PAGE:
Everything else sounds great.


Originally Posted by Jon McGuffin View Post
Yeah, something isn't right with this "32-bit video signal path" they are talking about. This is not the same thing as true 10-bit video, I'm fairly certain of that.

Jon
What? What's not right about it? It's the same color space Adobe After Effects works in. It's not like it's impossible.
I think it's the real thing.
http://www.videoguys.com/vegaspro8.html
and to think all I was asking for was 10bit.

"32-bit Floating Point Video Processing
Surpass traditional 10-bit standards with 32-bit floating point video processing. Take advantage of greater color range for more vivid colors, reduced gradient banding and posterization for smoother color transitions, linear light capability for optically correct compositing, and many other precision enhancements."

The words in their language is "floating point video processing". This would indicate more of a color processing performance advantage and their wording following this supports that.

The fact they are comparing their 32-bit to 10-bit "standards" has me thrown a little bit and maybe questioning my skeptisicm. Either they are pulling a Creative Labs when creative tried to sell us that their X-Fi Crystalizer was so powerfull it would increase the resolution of the original music (which is bogus) or there is something they are doing that I don't quite understand.

Jon
Huh??? 32-bit color usually means 4 channels (RGB + alpha) with 8bits/channel.
So is Vegas 8 a '32-bit' capable application or a '12-bit' application?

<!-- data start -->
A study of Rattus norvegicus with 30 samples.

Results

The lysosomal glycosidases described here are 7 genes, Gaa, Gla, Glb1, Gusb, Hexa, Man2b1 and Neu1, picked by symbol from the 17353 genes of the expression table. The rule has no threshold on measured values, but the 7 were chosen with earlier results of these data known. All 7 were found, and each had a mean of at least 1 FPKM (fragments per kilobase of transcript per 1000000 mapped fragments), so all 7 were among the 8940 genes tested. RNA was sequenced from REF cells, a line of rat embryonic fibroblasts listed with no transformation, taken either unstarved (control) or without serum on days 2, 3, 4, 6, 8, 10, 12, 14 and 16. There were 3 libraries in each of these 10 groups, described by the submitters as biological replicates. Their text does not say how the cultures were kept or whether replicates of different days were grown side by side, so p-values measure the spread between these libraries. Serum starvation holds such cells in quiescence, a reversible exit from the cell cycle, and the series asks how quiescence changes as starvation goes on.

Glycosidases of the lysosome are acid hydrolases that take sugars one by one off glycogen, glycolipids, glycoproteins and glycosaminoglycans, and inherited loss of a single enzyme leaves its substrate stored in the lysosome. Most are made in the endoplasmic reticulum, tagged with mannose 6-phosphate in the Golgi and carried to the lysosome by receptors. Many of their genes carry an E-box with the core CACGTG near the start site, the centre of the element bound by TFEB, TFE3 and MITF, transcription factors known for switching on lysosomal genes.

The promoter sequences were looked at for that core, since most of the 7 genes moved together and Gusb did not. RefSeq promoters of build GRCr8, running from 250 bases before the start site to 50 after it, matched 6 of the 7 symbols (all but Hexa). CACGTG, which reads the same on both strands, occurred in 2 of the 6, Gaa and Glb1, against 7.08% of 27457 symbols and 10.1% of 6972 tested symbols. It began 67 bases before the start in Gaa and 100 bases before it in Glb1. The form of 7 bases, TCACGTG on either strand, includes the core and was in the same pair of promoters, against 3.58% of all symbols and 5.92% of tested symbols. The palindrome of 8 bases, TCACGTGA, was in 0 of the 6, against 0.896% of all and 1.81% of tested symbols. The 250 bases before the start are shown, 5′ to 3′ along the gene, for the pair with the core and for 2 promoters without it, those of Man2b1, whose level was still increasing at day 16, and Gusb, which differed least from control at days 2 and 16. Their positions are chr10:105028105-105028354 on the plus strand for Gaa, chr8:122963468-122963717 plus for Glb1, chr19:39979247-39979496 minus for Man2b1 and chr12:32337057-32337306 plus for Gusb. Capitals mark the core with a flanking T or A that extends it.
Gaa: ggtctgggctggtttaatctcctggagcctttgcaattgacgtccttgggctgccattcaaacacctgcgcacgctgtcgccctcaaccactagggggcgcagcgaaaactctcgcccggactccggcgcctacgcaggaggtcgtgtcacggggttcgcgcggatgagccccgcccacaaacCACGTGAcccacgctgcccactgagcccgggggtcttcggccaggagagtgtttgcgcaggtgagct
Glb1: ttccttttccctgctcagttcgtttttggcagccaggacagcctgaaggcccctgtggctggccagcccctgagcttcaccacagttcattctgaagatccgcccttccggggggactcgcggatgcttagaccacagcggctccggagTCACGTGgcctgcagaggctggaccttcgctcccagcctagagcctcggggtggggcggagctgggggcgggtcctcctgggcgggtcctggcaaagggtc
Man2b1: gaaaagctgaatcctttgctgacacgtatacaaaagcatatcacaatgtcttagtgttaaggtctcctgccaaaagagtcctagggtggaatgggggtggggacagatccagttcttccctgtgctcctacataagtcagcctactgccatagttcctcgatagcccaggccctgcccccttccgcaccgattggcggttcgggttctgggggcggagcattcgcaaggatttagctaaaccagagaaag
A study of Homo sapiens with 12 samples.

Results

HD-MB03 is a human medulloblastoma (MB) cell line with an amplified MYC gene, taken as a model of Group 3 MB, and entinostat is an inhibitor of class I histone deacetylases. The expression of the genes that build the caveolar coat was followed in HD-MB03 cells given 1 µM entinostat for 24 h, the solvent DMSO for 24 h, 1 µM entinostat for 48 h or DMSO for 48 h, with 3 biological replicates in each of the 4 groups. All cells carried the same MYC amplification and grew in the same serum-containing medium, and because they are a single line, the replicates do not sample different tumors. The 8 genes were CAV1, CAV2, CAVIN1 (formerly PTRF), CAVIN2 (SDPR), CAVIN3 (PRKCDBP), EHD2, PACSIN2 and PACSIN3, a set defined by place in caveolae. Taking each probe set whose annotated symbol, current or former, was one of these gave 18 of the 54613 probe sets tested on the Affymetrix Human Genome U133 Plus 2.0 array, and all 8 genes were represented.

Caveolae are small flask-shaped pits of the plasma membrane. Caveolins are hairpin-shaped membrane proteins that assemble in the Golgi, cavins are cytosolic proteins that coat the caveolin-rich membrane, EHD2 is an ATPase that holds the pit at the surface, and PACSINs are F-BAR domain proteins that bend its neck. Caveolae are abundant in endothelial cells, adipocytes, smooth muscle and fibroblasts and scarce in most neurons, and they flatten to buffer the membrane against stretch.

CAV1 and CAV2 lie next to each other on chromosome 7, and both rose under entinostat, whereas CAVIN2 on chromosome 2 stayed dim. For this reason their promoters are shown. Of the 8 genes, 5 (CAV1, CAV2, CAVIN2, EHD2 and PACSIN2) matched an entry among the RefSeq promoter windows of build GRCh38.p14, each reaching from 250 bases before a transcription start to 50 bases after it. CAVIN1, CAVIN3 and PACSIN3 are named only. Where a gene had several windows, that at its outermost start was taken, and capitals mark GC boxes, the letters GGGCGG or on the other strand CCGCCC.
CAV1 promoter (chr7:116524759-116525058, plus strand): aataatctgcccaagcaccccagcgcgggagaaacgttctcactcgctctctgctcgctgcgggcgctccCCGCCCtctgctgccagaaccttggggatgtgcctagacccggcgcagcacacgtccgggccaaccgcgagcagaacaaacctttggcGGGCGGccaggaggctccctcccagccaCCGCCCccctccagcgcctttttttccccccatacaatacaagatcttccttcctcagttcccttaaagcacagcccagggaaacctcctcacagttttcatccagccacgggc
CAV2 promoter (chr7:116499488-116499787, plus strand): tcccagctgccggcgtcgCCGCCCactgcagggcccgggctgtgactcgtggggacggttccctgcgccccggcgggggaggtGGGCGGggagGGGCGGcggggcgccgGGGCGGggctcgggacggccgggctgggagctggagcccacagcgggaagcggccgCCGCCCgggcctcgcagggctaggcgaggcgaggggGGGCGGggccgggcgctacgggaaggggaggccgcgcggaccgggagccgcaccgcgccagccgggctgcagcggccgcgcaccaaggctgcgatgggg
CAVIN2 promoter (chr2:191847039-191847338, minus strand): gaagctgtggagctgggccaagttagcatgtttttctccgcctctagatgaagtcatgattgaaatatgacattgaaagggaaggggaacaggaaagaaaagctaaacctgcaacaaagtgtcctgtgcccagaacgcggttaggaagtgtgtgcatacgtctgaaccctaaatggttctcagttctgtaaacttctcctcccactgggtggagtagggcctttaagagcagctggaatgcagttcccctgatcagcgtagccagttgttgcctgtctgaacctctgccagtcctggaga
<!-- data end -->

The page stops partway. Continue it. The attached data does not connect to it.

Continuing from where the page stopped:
Jon

To suggest that Vegas was ONLY an 8-bit color application is crazy. 8-bit color is only capable of 256 colors. Remember the old VGA standard?
See here:
http://www.cambridgeincolour.com/tut.../bit-depth.htm

To now go from 8-bit all the way to 32-bit when SGI and the like all work in a 10-bit or 12-bit environment is fishy.

I'm pretty sure what is going on here is we're talking about bit depth per color channel which means vegas is/was an application working in 24-bits 16,700,000 colorspace (8-bits X RGB or 8-bits X YUV).

Now maybe it's capable of processing colors in 32 bits which is a "fancy" way of saying it processes in the 12-bit realm.

But still... why aren't they advertising this as a "12-bit color with 32-bit processing"

The floating point remark refers to mathmatical calculations not color density...

Jon

Quote:
To suggest that Vegas was ONLY an 8-bit color application is crazy. 8-bit color is only capable of 256 colors. Remember the old VGA standard?
See here:
Vegas 7 and previous versions were always capable of 8 bit / CHANNEL, not 8 bits / pixel.
8 bits / channel
is
24 bits / pixel
assuming three color channels (red, green, and blue). 8 bits/channel X 3 channels = 24 bits.

Is that not what I said my my very next line? That we were talking bit level per channel. So what exactly does vegas mean by saying its 32-bits?
 
Technically it doesn't. ;) Only the values 64 to 940 have legal luma levels. The values below 64 should not be reproducible (because it calls for negative light).

They also aren't luminance levels per se, since video uses luma. See
http://poynton.com/papers/YUV_and_lu...e_harmful.html
or
http://glennchan.info/articles/techn...ma/chroma1.htm
(my article has pictures and shows flaws with 4:2:2 chroma subsampling)

2- In my opinion, 8-bit R'G'B' (no subsampling) is superior to 10-bit 4:2:2 Y'CbCr as chroma subsampling can produce visible artifacts (see the pictures in my article). Here the distinction between luma and luminance is actually important. I prefer using the correct terms as the difference can be somewhat significant (assuming you are bothered by chroma subsampling artifacts).

But anyways, this is perhaps getting overly overly complicated. :D
Whats your take on the new color processing or are you under a NDA?